The laughter dropped often from the packed press and industry screening on opening night, but as the film wore on it was hard to shake off the feeling that their mirth was in fact mockery. Some rightly expected the film to be bloody awful, for its trailer had practically revealed how bad this train wreck would be. Hyped as a return to John Woo’s signature style of Hong Kong action after a decade working in other genres and featuring a cast and crew of East Asian talents, Manhunt is the second adaptation of Nishimura Juko’s 1975 novel You Must Cross the River of Rage. But it is foremost a tribute to Woo’s favourite actor Takakura Ken (1931-2014), who played the lead role in Sato Junya’s first eponymous adaptation in 1976.
Set in Osaka, the story uses the Hitchcockian device of an innocent man-turned-fugitive as its thrust. An expat Chinese lawyer (Zhang Hanyu) for a pharmaceutical corporation is framed for murder and hits the road when he learns he has been targeted in a brazen set up. The pursuit is led by a seasoned Japanese detective (Fukuyama Masaharu) who soon realizes more sinister details are behind the incident. Both then work to unmask the conspiracy. Fans of Woo’s brand of action may have high hopes, but the results are pathetic. The set pieces are boring since they largely rehash the innovation of his landmark 1980s films. Crucially, there’s a sense that Zhang’s fugitive character isn’t doing much to escape detection. There’s also zero chemistry among the cast across the board. This is especially true for Zhang and Fukuyama, who have their bizarre dialogue badly dubbed in English. The addition of two female assassins played by Korean actress Ha Ji-won and Angeles Woo (Woo’s daughter) is pointless and steals some shine from female lead Qi Wei, whose character is otherwise too trivial to matter.
Although Woo didn’t intend to film a remake, comparisons are inevitable with the original film. For all its faults, Sato at least knew how to plot a story well. He knew the premise of the tale was survival and ably processed the narrative as adventure. His version of the chase unfolds over a fortnight and criss-crosses Japan: starting in Tokyo before heading north to Hokkaido, then south to Nagano before circling back to Tokyo. Along the way we get thrills and spills in spades: encounters with nature and wildlife, a grand escape in a Cessna, and clever use of horses to ride out key scenes. Sato also grasped the basics of dramatic structure, knowing when to reveal certain things for suspense. His best move was not to divulge the depth of the conspiracy too early. To top it off, he brought rich characters to life. Takakura’s turn wouldn’t be as iconic without the supporting roles of Harada Yoshio as the coarsened detective in shades, overcoat and an arm cast, and Nakano Ryoko as the sweet and freewheeling love interest who is without a doubt the film’s true hero.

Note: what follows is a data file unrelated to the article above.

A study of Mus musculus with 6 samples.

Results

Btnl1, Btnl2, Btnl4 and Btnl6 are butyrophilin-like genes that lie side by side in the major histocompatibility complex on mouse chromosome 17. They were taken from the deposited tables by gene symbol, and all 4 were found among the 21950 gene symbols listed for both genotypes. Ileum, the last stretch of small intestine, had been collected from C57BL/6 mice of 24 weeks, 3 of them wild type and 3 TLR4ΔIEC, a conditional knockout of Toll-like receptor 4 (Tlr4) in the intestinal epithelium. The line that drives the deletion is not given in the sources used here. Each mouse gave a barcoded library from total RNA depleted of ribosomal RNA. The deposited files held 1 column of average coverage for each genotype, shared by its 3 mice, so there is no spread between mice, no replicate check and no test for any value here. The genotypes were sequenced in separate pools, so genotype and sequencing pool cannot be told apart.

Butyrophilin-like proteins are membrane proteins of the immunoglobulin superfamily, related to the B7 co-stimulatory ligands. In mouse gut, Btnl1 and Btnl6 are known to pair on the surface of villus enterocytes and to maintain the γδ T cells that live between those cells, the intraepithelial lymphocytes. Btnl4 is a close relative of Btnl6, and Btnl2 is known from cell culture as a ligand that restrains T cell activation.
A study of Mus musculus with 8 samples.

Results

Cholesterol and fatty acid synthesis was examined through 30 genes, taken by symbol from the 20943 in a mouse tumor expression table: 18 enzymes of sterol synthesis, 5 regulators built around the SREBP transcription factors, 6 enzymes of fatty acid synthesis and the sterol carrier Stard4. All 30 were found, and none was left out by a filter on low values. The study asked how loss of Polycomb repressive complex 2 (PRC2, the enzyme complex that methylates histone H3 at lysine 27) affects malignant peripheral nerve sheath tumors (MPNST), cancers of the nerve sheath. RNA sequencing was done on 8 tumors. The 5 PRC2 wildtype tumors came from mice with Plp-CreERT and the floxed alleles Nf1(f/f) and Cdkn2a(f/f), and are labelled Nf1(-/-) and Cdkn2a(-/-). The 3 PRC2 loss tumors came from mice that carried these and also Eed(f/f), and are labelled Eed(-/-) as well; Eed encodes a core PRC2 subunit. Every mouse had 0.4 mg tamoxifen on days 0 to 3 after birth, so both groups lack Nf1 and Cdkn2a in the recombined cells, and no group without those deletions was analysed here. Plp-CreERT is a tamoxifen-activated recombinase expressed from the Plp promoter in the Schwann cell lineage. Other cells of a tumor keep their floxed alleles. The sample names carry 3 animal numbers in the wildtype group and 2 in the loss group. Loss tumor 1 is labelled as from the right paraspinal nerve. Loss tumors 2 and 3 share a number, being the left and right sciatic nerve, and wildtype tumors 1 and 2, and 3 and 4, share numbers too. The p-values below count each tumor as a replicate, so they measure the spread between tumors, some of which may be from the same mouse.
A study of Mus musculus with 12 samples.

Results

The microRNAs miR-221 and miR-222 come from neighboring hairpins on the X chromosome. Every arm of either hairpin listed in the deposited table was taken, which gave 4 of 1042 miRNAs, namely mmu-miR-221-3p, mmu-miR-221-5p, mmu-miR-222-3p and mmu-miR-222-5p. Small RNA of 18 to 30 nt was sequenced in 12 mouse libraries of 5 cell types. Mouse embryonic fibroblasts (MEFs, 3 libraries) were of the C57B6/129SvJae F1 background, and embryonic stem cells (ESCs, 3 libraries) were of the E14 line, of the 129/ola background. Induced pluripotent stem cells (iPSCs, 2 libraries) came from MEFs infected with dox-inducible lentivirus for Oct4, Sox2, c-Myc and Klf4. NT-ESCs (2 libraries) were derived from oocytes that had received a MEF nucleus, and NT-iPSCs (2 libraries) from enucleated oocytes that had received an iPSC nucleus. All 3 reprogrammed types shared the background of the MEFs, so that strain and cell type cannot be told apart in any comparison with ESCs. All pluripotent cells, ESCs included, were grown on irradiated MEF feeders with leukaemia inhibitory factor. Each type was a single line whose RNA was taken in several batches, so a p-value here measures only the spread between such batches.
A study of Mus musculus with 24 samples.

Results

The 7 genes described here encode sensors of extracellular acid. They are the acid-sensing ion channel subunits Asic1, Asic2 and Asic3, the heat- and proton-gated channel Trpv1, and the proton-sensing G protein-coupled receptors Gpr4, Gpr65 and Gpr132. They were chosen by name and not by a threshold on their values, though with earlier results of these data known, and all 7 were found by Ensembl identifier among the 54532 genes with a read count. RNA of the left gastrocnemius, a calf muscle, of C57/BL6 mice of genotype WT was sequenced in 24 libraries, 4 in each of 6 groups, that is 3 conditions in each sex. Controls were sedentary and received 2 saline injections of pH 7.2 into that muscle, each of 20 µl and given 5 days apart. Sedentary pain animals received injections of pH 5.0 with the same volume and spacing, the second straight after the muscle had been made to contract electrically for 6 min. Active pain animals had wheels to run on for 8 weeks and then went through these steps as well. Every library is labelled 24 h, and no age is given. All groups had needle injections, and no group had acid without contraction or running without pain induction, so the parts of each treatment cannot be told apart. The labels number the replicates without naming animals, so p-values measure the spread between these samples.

While not well known internationally, Sato’s film was received with great passion when it was first screened in Mainland China. Reportedly it was among the first foreign films to be shown there two years after the end of the Cultural Revolution in 1976, where its affection among the Chinese—but especially for Takakura Ken—has endured. If there’s a silver lining to be found in the ashes of Woo’s remake, it’s that he and his team deserve thanks for bringing Sato’s classic to the attention of a newer generation of filmgoers.